Vigils shine a light on emerging movement
By Rabbi Arthur Waskow / The Rag Blog / December 22, 2009
I am writing from the midst of a great winter storm. It is at moments like this that it is hard to convince our kishkes, our innards, that global “warming” is dangerous. That’s one of the reasons I insist on talking about “global scorching” — more honest to the geological reality and more evocative of the emotional reality.
Copenhagen is over: At the official leadership level, it was a dismal failure. At the grassroots level, it brought another stage of growth.
Which narrative controls the future — top-down failure or grassroots growth — depends on us.
What went wrong in Copenhagen? The officials came up with a vague agreement among five major nations, no binding decisions, a too slowly approached process toward a too-limited target for even the non-binding decisions, anger among many other nations about both being ignored in the process and short-changed in the results, and a very tentative possible success in beginning the creation of a world fund to aid poor nations make the shift into non-fossil economic development.
Four major culprits: Big Oil and Big Coal, which have blocked effective action by the U.S.; the U.S. government (President and Congress), which has kowtowed to them and failed to commit a serious level of money to meet the needs of poor nations; and the Chinese government, which rejected effective outside verification of its promised cuts in CO2 emissions.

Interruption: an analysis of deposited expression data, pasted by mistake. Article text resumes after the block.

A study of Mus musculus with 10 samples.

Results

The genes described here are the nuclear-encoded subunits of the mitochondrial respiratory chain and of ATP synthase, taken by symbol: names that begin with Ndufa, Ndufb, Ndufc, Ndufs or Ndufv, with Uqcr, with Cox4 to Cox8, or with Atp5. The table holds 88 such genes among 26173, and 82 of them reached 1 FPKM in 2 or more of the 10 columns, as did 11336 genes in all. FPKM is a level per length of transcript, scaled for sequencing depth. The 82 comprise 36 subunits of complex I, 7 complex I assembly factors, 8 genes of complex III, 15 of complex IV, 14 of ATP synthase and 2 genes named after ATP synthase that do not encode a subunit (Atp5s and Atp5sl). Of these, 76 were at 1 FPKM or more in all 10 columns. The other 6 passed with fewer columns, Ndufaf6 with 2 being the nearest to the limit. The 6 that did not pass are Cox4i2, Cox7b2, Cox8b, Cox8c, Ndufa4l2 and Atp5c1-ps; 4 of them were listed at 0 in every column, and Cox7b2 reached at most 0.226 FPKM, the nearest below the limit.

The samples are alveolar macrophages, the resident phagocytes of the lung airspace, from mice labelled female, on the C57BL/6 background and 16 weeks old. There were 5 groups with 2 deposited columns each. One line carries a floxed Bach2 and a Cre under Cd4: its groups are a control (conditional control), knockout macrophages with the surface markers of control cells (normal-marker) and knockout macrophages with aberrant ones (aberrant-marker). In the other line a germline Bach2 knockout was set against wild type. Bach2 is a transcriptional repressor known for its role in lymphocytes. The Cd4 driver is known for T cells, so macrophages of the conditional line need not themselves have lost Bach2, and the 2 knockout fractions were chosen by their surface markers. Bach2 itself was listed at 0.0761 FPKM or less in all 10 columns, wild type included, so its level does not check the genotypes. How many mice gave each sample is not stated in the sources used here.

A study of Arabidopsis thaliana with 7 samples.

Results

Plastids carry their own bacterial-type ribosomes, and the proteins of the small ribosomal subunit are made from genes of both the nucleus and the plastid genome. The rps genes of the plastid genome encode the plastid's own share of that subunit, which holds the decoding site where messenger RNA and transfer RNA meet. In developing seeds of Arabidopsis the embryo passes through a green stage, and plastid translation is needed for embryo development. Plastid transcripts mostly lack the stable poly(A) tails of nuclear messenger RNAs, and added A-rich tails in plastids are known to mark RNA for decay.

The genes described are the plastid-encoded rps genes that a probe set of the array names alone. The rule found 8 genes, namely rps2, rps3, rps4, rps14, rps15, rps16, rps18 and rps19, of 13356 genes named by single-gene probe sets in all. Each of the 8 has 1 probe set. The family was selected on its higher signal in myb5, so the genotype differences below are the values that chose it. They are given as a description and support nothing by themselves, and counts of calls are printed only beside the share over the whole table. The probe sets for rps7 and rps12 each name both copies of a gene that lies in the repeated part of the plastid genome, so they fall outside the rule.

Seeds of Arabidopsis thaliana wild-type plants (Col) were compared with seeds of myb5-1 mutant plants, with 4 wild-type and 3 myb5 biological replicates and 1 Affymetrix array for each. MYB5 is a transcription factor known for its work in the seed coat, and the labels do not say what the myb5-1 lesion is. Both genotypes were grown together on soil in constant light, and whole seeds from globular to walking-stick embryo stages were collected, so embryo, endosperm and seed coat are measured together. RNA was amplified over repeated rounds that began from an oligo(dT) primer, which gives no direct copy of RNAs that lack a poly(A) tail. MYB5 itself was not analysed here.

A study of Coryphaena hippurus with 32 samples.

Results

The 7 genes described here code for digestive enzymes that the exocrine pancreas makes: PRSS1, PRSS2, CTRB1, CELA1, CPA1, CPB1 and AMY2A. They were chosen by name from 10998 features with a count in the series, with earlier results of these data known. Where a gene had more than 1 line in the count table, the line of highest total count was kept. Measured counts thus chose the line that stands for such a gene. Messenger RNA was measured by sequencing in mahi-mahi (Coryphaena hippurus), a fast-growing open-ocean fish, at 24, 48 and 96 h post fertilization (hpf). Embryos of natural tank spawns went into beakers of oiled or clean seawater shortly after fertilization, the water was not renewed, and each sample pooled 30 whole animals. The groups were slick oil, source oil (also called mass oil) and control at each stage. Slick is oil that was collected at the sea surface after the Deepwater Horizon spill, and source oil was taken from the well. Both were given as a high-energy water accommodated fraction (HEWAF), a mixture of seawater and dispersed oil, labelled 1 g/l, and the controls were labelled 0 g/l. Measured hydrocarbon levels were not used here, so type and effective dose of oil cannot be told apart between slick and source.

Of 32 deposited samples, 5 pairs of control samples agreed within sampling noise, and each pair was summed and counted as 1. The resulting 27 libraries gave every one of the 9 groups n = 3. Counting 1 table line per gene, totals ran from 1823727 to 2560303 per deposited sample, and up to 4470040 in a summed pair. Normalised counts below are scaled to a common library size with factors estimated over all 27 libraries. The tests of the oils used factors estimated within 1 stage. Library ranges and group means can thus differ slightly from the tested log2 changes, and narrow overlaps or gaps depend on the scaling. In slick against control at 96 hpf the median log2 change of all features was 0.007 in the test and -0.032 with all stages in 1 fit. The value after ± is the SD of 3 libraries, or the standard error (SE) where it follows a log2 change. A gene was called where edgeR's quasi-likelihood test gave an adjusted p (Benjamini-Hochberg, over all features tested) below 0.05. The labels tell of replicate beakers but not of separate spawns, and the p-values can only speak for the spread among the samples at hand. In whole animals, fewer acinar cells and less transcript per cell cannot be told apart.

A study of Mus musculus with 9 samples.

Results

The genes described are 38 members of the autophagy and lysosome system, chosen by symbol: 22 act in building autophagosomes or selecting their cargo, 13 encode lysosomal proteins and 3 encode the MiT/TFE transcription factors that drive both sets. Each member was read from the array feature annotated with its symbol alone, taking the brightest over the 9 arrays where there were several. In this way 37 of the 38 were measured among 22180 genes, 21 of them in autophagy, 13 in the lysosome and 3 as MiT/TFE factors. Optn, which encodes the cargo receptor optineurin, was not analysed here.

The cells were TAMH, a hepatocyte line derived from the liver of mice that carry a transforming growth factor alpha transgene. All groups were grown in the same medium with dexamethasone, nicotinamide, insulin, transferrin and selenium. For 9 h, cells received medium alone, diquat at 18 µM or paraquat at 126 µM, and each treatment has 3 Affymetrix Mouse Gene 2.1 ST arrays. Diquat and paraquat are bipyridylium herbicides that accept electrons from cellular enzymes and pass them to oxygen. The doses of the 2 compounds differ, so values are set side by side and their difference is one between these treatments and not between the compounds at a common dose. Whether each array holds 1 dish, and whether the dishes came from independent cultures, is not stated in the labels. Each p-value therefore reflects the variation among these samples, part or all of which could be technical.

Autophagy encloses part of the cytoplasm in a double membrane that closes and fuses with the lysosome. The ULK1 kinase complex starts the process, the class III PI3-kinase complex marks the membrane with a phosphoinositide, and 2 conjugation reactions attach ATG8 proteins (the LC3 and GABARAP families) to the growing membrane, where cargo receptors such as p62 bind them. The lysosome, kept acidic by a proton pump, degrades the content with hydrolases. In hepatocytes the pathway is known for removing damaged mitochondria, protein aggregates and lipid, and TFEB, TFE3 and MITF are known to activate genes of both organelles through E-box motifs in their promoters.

Pressure for deeper commitment, coming from African and Latin American nations and small countries most vulnerable to global scorching through drought and flood, fell short because they had too little power to force the rich and large nations to meet the world’s needs.
On the streets in Copenhagen and around the world, however, the summit sparked much more action and much more coherent connection. A true transnational movement is emerging, as will have to happen if the human race is to prevent utter disaster.
In the U.S., attention now turns to the Senate where debate continues on the Kerry-Baker cap-and-trade climate bill and the pressures to water it down. Perhaps most crucial: Will the bill allow the Environmental Protection Administration to establish strong regulations on emitting CO2? If the Senate strips EPA of that power, as some senators are trying to do, it will be better to defeat the bill and get EPA to act.
There will have to be many more people going beyond their own households to address public policy, with much greater effort from those people. In the U.S. especially, climate activists will have to make much closer alliances with health-care, anti-war, and pro-jobs activists if climate healing is to prevail.
One example of grassroots energy that brought together people of different religions and generations: Last Saturday night (12/12), was both the second night of Hanukkah and the night 350.org, a transnational climate-activist network, had urged worldwide candle-lighting vigils to impact Copenhagen.
Around the world, there were more than 3,000 such vigils. Tens of thousands of people gathered in the bitterly cold streets of Copenhagen in night after night of nonviolent demonstrations.
In Philadelphia that evening, about 60 people from various Jewish congregations, some interfaith environmental groups, the local climate-crisis 350.org, and the Philadelphia (high school] Student Union gathered at Independence Hall to light Hanukkah menorahs and other candles as a message to Copenhagen to get serious about a fair, strong, and binding agreement to stop the worsening of the climate crisis.
[Rabbi Arthur Waskow is director of The Shalom Center and is co-author of The Tent of Abraham; author of Godwrestling, Round 2, Down-to-Earth Judaism and a dozen other books on Jewish thought and practice, as well as books on U.S. public policy.]